RAM Rating Services Bhd expects the property sector to be insignificantly lifted by the move to allow eligible developers to apply for a moneylender’s licence to provide loan facilities to house buyers.
The rating agency said based on its analytical publication on 10 key Malaysian property developers in June 2016, entitled Slowdown and Increasing Leverage Pressure Credit Health of Leading Developers, most of these players had geared up in the past two years to fund land acquisition and working-capital needs.
“This had resulted in 60 percent of the sample chalking up hefty debts, with gearing ratios of more than 0.7 times and/or debt-to-revenue ratios of above one time.
“Accordingly, not many developers have the capacity to provide mortgage financing on a large scale,” it said in a statement today.
It said in the event that these developers do embark on a moneylending exercise, the credit risk level of players would most certainly rise as the pool of buyers who opt for full or partial loans from developers would consist of those who are unable to obtain the required loan amount through the traditional channel of mortgage financing from banks.
“This group of buyers will naturally carry a higher credit risk. Further, the cost of establishing a moneylending business will add to operating costs,” it added.
RAM Ratings said since the beginning of the year, developers have already extended various incentives in the form of deferred-payment arrangements, minimal downpayment and build-then-sell home ownership schemes to drive property sales.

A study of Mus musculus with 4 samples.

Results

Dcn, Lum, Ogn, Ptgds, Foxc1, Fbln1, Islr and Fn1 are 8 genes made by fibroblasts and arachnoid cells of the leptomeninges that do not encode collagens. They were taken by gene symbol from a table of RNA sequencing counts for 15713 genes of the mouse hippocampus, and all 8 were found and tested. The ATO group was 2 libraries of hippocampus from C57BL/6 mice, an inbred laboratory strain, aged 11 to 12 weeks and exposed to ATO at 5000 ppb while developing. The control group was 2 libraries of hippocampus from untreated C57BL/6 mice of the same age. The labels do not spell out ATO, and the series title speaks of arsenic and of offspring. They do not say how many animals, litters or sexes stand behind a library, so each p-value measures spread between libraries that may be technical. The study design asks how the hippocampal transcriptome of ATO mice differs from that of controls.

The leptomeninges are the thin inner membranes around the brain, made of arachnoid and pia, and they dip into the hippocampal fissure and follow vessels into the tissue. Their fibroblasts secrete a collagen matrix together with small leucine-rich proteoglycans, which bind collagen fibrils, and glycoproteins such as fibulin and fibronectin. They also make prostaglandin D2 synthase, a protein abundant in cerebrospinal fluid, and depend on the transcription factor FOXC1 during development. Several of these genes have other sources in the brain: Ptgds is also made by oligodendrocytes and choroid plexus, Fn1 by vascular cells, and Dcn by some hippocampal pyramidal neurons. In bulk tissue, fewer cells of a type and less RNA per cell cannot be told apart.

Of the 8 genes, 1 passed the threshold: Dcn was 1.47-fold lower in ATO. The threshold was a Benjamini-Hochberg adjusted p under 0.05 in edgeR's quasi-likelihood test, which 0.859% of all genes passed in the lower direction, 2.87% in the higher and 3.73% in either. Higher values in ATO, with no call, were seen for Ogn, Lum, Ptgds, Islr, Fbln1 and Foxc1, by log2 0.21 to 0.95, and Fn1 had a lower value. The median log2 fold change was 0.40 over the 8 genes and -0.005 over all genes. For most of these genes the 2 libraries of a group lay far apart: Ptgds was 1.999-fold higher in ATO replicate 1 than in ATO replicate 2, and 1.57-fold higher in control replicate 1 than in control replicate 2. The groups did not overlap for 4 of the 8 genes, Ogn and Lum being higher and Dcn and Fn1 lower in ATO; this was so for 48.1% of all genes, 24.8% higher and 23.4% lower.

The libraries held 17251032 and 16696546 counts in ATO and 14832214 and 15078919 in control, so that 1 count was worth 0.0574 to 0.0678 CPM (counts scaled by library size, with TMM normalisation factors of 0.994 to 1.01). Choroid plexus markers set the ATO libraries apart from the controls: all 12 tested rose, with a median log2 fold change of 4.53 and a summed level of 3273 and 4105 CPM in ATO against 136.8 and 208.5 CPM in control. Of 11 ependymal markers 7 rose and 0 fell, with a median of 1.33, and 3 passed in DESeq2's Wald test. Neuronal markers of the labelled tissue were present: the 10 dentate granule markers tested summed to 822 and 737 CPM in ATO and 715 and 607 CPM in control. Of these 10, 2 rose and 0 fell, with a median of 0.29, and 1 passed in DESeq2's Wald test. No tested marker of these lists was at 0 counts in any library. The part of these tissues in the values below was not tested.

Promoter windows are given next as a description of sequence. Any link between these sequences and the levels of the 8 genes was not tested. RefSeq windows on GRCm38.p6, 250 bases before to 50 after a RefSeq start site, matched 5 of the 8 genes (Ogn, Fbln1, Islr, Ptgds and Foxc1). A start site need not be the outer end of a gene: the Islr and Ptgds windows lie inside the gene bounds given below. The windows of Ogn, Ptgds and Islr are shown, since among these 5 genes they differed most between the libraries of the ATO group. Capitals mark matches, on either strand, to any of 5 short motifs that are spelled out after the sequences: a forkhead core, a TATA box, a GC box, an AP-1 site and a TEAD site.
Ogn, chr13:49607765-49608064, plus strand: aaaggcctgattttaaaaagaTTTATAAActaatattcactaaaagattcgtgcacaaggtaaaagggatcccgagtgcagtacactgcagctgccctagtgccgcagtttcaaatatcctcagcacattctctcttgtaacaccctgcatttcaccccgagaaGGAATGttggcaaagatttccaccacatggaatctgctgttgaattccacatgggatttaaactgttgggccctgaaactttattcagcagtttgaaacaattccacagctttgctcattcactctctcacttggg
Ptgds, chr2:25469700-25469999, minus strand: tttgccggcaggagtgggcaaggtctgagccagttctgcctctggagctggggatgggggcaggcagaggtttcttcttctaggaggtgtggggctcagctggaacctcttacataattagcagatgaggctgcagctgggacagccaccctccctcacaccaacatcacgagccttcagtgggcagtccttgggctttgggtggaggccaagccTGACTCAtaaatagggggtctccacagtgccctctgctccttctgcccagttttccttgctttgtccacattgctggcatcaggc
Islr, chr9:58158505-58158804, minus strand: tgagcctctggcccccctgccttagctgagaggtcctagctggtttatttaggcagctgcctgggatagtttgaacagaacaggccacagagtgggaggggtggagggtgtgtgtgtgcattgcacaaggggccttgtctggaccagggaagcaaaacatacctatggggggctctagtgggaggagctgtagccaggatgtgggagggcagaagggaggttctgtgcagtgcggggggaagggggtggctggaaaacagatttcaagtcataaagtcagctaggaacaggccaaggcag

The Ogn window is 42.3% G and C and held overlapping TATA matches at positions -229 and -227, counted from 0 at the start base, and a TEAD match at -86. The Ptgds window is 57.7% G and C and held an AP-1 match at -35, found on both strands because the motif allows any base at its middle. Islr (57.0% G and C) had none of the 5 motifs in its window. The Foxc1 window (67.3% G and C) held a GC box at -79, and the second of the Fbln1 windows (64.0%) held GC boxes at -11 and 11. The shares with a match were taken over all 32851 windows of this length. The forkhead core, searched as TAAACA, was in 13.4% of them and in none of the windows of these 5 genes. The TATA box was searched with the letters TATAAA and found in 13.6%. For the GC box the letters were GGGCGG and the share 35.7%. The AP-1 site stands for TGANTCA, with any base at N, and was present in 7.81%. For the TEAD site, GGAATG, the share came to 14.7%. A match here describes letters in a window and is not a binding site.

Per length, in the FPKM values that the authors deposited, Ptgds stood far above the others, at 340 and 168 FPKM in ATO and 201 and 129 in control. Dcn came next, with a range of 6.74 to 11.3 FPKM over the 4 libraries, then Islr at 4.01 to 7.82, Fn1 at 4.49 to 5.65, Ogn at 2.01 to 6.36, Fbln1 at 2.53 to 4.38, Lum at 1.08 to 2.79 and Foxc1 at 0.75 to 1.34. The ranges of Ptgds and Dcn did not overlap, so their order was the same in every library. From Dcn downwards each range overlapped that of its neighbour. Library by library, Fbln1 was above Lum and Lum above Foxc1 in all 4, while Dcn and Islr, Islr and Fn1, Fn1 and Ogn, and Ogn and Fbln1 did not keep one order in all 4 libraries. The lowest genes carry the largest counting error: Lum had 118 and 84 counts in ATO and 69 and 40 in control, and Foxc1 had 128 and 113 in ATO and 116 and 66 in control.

It said these incentives are likely to crimp profit margins and increase the working-capital requirements of players, while potentially elevating their debt levels should they have insufficient internal funds to finance these initiatives.
“Offering loans to house buyers who cannot meet the eligibility requirements of banks will, consequently, present further risks to developers in the event of non-payment by the buyer, especially in the absence of collateral,” it added.
On Sept 8, the government announced that eligible property developers would be allowed to apply for moneylending licences to provide property buyers with up to 100 percent of their home loans.
The licence would be issued by the Urban Wellbeing, Housing and Local Government Ministry under the Moneylenders Act 1951 and Pawnbrokers Act 1972, with loans under the scheme subject to an interest rate of up to 12 percent (with collateral) or up to 18 percent (without collateral).